IRS Publication 555 Community Property addresses income and deduction reporting for individuals and their spouse/partner living in a community property state. It outlines when an individual filing separately from their spouse/partner must report half of their combined community income and deductions in addition to their separate income and deductions.
Community Property states include Arizona, California, Idaho, Louisiana, Nevada, New Mexico, Texas, Washington, and Wisconsin. For individuals considered married for federal tax purposes, the spouses must each follow these instructions if they live in any of the community property states listed.
Individuals considered Registered Domestic Partners (RDPs) must follow these instructions if they live in Nevada, Washington, or California.
Per IRS Publication 555, page 2:
Community property laws generally. Community property laws affect how you figure your income on your federal income tax return if you are married, live in a community property state or country, and file separate returns. If you are married, your tax usually will be less if you file married filing jointly than if you file married filing separately. However, sometimes it can be to your advantage to file separate returns. If you and your spouse file separate returns, you have to determine your community income and your separate income.
Registered domestic partners. This publication is also for registered domestic partners who are domiciled in Nevada, Washington, or California. Registered domestic partners in Nevada, Washington, or California must generally follow state community property laws and report half the combined community income of the individual and his or her registered domestic partner.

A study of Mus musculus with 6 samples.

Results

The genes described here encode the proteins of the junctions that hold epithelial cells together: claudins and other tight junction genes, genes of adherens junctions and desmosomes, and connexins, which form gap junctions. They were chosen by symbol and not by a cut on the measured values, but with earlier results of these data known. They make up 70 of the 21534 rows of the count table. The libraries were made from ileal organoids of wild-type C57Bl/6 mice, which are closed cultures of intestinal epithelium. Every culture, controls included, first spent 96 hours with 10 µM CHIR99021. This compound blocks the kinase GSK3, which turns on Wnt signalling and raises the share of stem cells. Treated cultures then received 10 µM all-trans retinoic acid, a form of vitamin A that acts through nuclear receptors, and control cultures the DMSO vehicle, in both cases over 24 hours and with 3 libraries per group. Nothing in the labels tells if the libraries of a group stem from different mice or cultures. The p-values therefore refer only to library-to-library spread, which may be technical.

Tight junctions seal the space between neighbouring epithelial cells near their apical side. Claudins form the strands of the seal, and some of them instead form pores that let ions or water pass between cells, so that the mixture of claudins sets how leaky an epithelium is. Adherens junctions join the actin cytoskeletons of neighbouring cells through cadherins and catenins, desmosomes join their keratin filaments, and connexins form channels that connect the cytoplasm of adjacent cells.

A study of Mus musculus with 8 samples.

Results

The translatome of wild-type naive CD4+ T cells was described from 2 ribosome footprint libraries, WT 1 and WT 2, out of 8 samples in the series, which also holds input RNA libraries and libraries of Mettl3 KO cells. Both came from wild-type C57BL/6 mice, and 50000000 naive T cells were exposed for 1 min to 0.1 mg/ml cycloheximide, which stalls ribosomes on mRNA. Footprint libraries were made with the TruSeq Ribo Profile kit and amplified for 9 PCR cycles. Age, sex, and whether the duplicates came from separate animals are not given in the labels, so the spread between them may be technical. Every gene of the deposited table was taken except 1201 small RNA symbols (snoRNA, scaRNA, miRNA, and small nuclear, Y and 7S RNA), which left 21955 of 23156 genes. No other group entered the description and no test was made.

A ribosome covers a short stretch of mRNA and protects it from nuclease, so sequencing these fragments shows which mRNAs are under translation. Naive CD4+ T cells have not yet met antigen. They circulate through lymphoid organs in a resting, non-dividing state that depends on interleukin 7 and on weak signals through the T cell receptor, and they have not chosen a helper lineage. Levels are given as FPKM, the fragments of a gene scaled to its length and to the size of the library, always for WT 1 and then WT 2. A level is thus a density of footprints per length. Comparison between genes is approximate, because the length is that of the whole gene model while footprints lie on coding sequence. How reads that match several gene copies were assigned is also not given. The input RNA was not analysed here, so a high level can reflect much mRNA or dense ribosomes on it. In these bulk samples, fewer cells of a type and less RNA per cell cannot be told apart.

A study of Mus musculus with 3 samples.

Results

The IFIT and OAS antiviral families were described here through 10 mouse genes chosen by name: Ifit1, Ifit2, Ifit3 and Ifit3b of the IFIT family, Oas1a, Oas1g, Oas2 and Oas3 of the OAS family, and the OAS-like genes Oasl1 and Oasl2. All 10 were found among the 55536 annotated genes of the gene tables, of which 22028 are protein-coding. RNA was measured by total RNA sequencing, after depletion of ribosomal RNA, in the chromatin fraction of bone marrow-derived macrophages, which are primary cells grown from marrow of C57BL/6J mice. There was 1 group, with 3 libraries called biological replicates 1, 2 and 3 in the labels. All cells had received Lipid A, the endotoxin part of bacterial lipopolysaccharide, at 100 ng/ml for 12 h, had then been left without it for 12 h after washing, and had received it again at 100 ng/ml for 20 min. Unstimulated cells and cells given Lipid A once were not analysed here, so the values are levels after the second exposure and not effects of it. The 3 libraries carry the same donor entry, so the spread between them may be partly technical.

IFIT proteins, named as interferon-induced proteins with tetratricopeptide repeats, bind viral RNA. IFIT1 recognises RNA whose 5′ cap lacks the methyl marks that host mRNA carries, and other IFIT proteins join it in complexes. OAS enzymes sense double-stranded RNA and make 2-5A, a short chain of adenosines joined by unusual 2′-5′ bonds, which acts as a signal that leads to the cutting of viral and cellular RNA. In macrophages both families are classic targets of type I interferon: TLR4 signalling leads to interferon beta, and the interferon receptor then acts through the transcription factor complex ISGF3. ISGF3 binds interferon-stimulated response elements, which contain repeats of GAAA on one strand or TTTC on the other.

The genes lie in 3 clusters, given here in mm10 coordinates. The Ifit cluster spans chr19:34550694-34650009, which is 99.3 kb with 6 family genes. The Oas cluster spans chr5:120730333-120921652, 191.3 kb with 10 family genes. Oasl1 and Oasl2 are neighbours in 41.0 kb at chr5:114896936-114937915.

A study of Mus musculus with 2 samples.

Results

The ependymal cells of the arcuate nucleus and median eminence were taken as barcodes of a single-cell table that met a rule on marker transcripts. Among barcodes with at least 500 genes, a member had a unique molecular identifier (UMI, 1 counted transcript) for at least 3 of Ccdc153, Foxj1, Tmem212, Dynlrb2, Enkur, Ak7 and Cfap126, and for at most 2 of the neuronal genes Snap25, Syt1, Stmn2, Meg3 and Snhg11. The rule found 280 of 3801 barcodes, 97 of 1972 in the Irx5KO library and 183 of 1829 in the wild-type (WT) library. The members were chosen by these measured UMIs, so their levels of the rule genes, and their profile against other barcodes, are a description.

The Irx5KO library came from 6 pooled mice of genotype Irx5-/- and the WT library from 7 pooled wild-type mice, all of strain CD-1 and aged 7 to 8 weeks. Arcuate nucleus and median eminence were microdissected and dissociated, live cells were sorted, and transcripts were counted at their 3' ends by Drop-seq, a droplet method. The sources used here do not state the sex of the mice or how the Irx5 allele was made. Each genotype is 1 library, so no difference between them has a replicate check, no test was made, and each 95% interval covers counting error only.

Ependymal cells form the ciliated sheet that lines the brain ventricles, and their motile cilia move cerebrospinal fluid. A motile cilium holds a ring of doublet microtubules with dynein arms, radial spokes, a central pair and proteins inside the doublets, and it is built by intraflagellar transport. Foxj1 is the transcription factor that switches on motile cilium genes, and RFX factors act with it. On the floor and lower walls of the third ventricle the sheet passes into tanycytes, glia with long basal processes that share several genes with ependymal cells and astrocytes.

Registered domestic partners aren't married for federal tax purposes. They can use the single filing status or, if they qualify, the head of household filing status.
TIP: You can find answers to frequently asked questions by going to IRS.gov/Pub555 and clicking on Answers to Frequently Asked Questions for Registered Domestic Partners and Individuals in Civil Unions under Other Items You May Find Useful.
The TaxAct® program cannot automatically calculate the allocation between each spouse's or partner's return because the two returns are not linked in any way. This is true whether the filing status is Single, Head of Household, or Married Filing Separately. Each taxpayer must determine the applicable split of income and deductions and then enter the appropriate amount in the federal program for their own return.
One should contain the taxpayer's Form W-2 Wage and Tax Statement entries divided by two (50%), and one should contain the spouse's/partner's W-2 entries divided by two (50%). This second W-2 will be entered using the taxpayer's name with the spouse's/partner's employer information. Follow the same method to enter the income on the spouse's/partner's return.
List only your allocated share of the income and deductions on the appropriate lines of your separate tax returns (interest, dividends, etc.). Refer to IRS Publication 555 for information regarding which income and expenses are considered community property, and which are considered separate property. Form 8958 Allocation of Tax Amounts Between Certain Individuals in Community Property States allocates income between spouses/partners when filing a separate return. This allocation worksheet does not need to be completed if you are only filing the state returns separately and filing a joint federal return.
To access Form 8958 in the TaxAct program (the form won't be accessible if your address and filing status don't meet the requirements):
Note that any link in the information above is updated each year automatically and will take you to the most recent version of the webpage or document at the time it is accessed.